One of the most rapidly growing nonprofits nationally is called Men’s Shed – groups organized to give retired men projects of value.

EP In The Know

Recently, the Douglas County Fair Board recognized seven of our county residents as Outstanding Senior Volunteers. They were honors definitely deserved! However, many aren’t aware of the tremendous numbers of senior volunteers we have as neighbors and friends who perform volunteer services.

They may mow an elderly neighbor’s yard or pick up the mail for a neighbor unable to get to the post office or deliver meals to the homebound. They might open and close the town hall for the kids to play basketball. The ways they help us are unlimited and they do it because they care.

Regrettably turning 60 and enrolling in Medicare does not solve all the needs of living as the TV ads would promise. We have a tremendous number of the over-60 crowd who worked all their lives. The majority in those days did not belong to unions or big industry and thus did not have retirement programs or funds. They are living in homes that need repair or they need services they cannot afford or don’t have the transportation to receive services.

Yet, Douglas County and other nearby rural counties are the areas most highly sought to retire to. How do they survive? With the help of neighbors. Oh, there are some programs that coordinate volunteers such as Ready-Ride, Chore Service, Elder Network.


I know that sounds silly to you still actively employed and working. Free time would be a gift. However, it doesn’t seem to do much for the self-esteem of others. One of the most rapidly growing nonprofits nationally is called Men’s Shed – groups organized to give retired men projects of value to donate as much or as little of their time as they wish. It also fills the need to socialize that they got at work.

Not actually functioning under the title of Men’s Shed, we have several examples of how this works. Car Care welcomes men interested in working on cars for others even if they have no skills. They are taught what they have to know. Habitat for Humanity will teach you some carpentry or painting skills among others to help people have homes. Elder Network and the DC Library will be thrilled to have your computer skills to help others with taxes, filling in forms, having a good visit. Schools need volunteer assistant coaches to help all ages in playground and sports.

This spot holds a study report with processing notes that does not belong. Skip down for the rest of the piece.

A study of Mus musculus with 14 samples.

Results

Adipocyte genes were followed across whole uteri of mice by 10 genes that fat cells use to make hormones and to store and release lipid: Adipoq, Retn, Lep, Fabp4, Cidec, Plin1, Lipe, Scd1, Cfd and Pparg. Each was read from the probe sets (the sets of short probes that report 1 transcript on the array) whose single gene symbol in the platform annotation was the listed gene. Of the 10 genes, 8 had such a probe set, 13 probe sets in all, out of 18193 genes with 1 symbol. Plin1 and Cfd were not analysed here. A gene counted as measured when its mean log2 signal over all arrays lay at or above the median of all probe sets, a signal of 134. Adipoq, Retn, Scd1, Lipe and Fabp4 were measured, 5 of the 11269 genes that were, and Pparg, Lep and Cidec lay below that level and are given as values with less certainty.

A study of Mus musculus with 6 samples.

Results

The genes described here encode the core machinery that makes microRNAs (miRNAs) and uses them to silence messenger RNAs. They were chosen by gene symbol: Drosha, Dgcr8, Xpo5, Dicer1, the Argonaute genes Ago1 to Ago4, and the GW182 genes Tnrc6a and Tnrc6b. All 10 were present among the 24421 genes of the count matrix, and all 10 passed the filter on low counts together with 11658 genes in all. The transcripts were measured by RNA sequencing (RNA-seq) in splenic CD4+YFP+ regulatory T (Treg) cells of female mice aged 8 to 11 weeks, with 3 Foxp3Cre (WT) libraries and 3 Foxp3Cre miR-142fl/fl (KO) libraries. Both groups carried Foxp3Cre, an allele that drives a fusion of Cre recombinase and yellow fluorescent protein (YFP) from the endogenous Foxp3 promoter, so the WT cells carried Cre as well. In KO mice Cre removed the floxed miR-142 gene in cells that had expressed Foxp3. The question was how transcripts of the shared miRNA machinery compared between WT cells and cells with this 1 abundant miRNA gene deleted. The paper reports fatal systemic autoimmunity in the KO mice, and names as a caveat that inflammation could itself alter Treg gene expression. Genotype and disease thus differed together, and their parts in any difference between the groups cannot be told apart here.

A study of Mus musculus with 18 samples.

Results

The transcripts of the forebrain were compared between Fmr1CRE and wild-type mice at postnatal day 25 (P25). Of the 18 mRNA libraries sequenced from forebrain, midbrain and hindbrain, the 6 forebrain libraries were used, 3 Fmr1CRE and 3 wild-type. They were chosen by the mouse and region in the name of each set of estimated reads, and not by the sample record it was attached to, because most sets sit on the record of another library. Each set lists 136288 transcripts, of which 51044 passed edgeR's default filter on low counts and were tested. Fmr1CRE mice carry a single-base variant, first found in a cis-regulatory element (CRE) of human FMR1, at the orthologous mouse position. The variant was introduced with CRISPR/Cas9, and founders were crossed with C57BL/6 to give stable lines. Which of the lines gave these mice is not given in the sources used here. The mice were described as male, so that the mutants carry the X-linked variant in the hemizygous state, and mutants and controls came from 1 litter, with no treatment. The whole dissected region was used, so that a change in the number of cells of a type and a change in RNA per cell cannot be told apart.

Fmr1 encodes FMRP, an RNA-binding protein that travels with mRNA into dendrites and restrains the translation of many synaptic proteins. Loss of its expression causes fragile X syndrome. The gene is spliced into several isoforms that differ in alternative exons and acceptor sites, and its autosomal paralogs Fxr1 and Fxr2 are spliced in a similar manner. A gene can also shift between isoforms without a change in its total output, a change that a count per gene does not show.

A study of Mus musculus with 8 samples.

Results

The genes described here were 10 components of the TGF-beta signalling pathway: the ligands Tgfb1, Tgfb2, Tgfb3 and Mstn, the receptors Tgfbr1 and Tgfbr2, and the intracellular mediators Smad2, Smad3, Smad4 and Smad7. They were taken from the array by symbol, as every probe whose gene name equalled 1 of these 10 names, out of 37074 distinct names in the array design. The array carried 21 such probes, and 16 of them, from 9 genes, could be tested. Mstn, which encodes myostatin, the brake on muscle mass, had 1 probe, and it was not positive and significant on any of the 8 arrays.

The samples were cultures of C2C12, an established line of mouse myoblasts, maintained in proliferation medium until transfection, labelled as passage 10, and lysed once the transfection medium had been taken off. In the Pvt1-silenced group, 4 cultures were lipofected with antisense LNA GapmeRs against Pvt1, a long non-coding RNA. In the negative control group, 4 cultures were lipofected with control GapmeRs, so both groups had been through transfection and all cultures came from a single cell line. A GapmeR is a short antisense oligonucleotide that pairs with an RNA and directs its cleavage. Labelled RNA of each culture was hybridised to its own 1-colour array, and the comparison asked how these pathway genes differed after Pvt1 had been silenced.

They claim we women have the best of worlds in this area. We are used to gathering for coffee and socializing. We are used to helping at the schools and church. Fundraisers are a part of our lives as we help our kids participate in 4H and scouts. Having a group to play cards or do crafts with is second nature to us.

Now, many have to be concerned with how to get the man out of the house and happily involved. There are places to turn for help in suggesting and offering programs to fit our skills.The ministers know of persons in need. The United Way of Pope-Douglas has lists of nonprofits and who is doing what. LOVE INC is an organization of 33 churches in our area who need help in helping each other locally. West Central Minnesota Community Action needs help with drivers to help those in need of rides and Chore Services to help some old lady change her light bulbs. Opportunities exist and the above are a starting point with telephone numbers or on computer search programs. Better yet – talk to a couple of friends, guys or gals, and get together to see what you can do. Decide where there is a need for you and socialize while doing it. Areas of need will come out of conversation and shared experiences.

Yes, I am a Pollyanna! Developed that from living here. Working together, we have made our area of rural Minnesota the best. It’s the spirit of giving and sharing that enriches it. Many thanks to all our senior volunteers! We need you and interestingly you need to help us to fulfill your needs of contributing to the community. Just look around your town. Bet you will be surprised at the number of people you know who are volunteering to make life special.

Kathryn LeBrasseur is a former executive director of the Alexandria Senior Center and has been involved in a variety of community organizations, many focusing on senior issues. “In the Know” is a rotating column written by community leaders from the Douglas County area.